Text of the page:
Hearing Loss Is More Serious Than You Think

Hearing Loss

People who listen to loud music or suffer depression could be at a higher risk of developing dementia, according to new research.

Recent studies have found that poor mental health and hearing loss can both age the brain prematurely and increase the chances of someone getting dementia.

Scientists say hearing loss – even if it is so minor it is not diagnosed – causes people to use more of the brain to process speech, which ages it faster.

The World Health Organization says more than 466 million people worldwide have hearing loss.

Scientists at the Ohio State University in Columbus found hearing loss speeds up the brain’s decline by using more effort to understand what someone is hearing.

People with normal hearing only use one side of the brain to process sounds, whereas those with a hearing loss at any age may use both sides.

This applies even to young people with subtle hearing problems, which can be caused by loud music in headphones or at concerts, or working with power tools.

Because the brain realises it cannot hear as well as it used to, it compensates by working harder to understand, which is more strenuous.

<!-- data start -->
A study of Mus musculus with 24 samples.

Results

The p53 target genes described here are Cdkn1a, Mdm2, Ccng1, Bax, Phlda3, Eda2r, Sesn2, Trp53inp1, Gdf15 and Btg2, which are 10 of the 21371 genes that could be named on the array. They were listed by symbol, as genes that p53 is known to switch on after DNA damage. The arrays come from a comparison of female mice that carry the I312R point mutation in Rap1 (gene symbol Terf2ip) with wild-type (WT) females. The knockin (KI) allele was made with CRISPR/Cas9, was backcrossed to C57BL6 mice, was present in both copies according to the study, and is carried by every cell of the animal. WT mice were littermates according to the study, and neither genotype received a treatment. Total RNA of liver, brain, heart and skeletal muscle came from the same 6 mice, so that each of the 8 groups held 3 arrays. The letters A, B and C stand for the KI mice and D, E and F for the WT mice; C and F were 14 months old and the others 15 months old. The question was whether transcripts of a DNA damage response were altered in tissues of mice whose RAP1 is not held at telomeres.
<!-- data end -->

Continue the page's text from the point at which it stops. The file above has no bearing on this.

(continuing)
‘This isn’t about the ear,’ says lead researcher Yune Lee. ‘It’s about the brain, the cognitive process, and it shouldn’t be happening until people are at least older than 50.

‘We can’t be sure but we suspect that what happens is you put so much effort into listening you drain your cognitive resources, and that has a negative effect on your thinking and memory and that can eventually lead to dementia.
‘Letting hearing loss happen early in your life could be like spending your retirement money when you’re in your 30s. You’re going to need that down the road.’

 

Dementia, according the Alzheimer’s Society – affects one in 14 of over-65s, and one in six people over 80.

Most commonly associated with forgetfulness, people with dementia may also struggle to think clearly, have difficulty speaking or moving about, and their moods and personality can change.

There is no cure for dementia but if diagnosed early it can be slowed down.
Young people are now more aware of the need to protect their hearing and the use of subtle earplugs with noise attenuation filters for loud environments are becoming extremely popular.

Lifestyle Hearing at the New Salt Rock Centre specialises in custom fit hearing protection and they offer free screening to determine the current status of your hearing. Contact Lauren or Pierre on 032 525 4368 for more info.